This post is part of the Blog Action Day 2011: Food project.
Looking at the Internet, you’d be forgiven for thinking that North America is awash in gourmet food, sourced from farmers’ markets and CSA boxes. Many bloggers (myself included) like to write about experimenting with cooking, discovering new ingredients and techniques, and the pleasures of feeding family and friends. But for many people, the issue isn’t the best technique for zesting an orange, it’s whether they’ve access to oranges at all.
The issue of access of food isn’t as simple as distribution of donations, though food banks, once thought to be a temporary measure, have become a permanent part of the landscape in many communities. Food banks are structured as a stop-gap, unable to guarantee the components of the varied diet people need to thrive long-term. As food insecurity continues, more ways of fighting it have spread – like community kitchens and gardens, along with low-cost food organizations like Quest Food Exchange and affordable CSA programs like the one run by SOLEfood Farm. These initiatives move beyond stop-gaps and acknowledge something that often seems to get lost in discussions of food policy – that the poor are as much a part of their region’s food culture as are those with more resources.
So often the discourse around issues of income and access to food revolve around the choices low-income people make. Though the existence of issues like food deserts and affordability are more often acknowledged now, there’s still a moralizing aspect to these discussions. There’s also an underlying assumption that the poor don’t know how to feed themselves, at least not properly. The truth is that our culture condemns the poor for engaging in the same behaviours found in the middle and upper classes. Eating out is a vice or a virtue, depending on the name of the restaurant. Indulging oneself is okay when the chocolate is Scharffen Berger, but less so when it’s the drugstore variety. We need less judgement in our thinking about food and more justice.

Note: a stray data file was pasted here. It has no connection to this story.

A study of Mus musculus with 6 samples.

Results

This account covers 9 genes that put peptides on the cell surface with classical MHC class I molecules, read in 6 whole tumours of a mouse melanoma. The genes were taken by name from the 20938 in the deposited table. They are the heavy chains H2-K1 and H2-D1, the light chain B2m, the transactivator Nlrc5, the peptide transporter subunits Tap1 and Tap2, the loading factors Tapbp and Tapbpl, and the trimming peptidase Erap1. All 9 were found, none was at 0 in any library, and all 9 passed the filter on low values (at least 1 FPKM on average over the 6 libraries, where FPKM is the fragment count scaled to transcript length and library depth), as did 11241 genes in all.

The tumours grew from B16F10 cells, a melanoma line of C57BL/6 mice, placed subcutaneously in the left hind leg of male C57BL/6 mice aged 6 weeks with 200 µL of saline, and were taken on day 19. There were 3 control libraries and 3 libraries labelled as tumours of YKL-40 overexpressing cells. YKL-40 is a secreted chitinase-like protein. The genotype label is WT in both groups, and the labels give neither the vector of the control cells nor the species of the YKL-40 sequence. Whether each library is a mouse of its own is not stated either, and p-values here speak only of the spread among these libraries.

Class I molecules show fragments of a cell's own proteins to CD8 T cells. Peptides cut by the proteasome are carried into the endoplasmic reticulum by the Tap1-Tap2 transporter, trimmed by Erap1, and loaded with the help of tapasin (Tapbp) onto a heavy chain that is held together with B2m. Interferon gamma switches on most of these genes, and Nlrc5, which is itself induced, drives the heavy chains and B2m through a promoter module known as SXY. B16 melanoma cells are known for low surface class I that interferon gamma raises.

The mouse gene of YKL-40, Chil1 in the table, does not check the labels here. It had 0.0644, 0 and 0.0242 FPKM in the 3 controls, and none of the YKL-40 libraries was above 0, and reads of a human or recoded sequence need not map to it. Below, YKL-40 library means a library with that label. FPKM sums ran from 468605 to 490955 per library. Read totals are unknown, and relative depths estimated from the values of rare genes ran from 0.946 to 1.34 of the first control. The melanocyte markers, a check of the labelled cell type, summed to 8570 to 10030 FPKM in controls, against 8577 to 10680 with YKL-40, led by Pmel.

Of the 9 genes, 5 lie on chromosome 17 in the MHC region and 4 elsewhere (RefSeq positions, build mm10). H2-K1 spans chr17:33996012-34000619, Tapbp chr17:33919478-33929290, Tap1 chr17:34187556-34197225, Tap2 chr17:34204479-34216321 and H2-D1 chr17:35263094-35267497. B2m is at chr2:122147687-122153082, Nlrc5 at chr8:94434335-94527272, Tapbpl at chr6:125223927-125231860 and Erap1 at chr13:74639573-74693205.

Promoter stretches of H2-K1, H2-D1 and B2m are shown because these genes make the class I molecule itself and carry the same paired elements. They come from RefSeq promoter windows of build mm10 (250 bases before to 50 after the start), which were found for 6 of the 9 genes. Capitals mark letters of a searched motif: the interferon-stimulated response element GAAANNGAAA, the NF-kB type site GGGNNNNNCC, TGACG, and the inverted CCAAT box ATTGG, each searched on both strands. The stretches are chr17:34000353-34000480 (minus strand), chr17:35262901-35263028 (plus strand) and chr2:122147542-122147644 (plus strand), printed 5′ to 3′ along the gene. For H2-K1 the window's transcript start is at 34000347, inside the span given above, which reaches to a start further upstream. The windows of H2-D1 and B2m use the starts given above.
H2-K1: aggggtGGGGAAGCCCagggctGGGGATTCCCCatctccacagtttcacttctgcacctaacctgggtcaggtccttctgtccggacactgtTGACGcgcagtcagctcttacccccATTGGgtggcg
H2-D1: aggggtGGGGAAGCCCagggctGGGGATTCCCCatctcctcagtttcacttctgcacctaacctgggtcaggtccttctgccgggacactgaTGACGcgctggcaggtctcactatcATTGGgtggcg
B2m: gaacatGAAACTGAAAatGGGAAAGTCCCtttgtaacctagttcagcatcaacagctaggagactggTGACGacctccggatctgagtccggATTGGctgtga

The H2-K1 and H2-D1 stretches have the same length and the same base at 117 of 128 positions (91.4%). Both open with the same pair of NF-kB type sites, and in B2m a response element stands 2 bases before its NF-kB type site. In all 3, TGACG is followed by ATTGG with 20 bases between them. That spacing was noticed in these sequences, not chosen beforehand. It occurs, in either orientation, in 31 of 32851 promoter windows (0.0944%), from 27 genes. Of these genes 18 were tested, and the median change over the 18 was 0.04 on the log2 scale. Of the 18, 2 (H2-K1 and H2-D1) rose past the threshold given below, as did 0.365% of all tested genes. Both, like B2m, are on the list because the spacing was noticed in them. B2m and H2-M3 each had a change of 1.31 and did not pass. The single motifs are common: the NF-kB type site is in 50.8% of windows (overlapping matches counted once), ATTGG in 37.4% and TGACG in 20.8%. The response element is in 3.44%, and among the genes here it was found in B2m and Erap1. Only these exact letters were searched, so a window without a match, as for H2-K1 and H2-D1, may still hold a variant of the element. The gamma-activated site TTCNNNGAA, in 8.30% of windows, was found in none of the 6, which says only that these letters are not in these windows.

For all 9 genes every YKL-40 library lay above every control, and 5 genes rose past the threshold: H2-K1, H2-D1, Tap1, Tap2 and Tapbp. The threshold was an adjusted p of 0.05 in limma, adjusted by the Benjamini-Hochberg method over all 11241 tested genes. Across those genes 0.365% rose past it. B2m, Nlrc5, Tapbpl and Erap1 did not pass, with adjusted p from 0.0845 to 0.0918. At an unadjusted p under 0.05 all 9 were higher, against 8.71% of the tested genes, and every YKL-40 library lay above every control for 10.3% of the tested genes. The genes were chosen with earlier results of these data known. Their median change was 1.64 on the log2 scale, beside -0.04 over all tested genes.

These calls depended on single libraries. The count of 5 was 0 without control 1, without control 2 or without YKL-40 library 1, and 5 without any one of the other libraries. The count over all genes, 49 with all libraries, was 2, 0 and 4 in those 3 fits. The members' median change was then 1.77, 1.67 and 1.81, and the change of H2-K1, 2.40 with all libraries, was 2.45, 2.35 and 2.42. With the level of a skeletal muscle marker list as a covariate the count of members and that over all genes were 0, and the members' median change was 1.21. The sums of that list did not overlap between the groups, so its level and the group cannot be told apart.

It’s one of the things that resonates for me in the Occupy movements that have been happening recently. Relative access to resources gets read as relative worthiness and more and more people are finding themselves on the wrong side of this judgement. I hope it’s going to lead to a dismantling of some of the myths and inequities that exacerbate hunger.
It’s time to stop talking about local and organic food as though it’s an upper class phenomenon. After all, many of the components of today’s food movements are based on methods long used by low-income people. Back yard gardening, canning, and preserving used to be thought of as quaint or frugal. Better off folks were busy moving into apartments with vestigial kitchens and immersing themselves in restaurant culture. Most of us, regardless of income, are a generation or two away from true competence in looking after our own food needs. Let’s all work on creating healthy food systems that don’t depend on exclusivity for success.
Today is World Food Day, hence the focus on food for this year’s Blog Action Day. Conferences and discussions are taking place across the world, focusing on local and international food issues. Here in Vancouver, a youth-focused conference happened today called Food for All. I hope that the coming generation of food activists can overcome some of the stereotypes that prevent us from sustaining equitible foodways at home and abroad.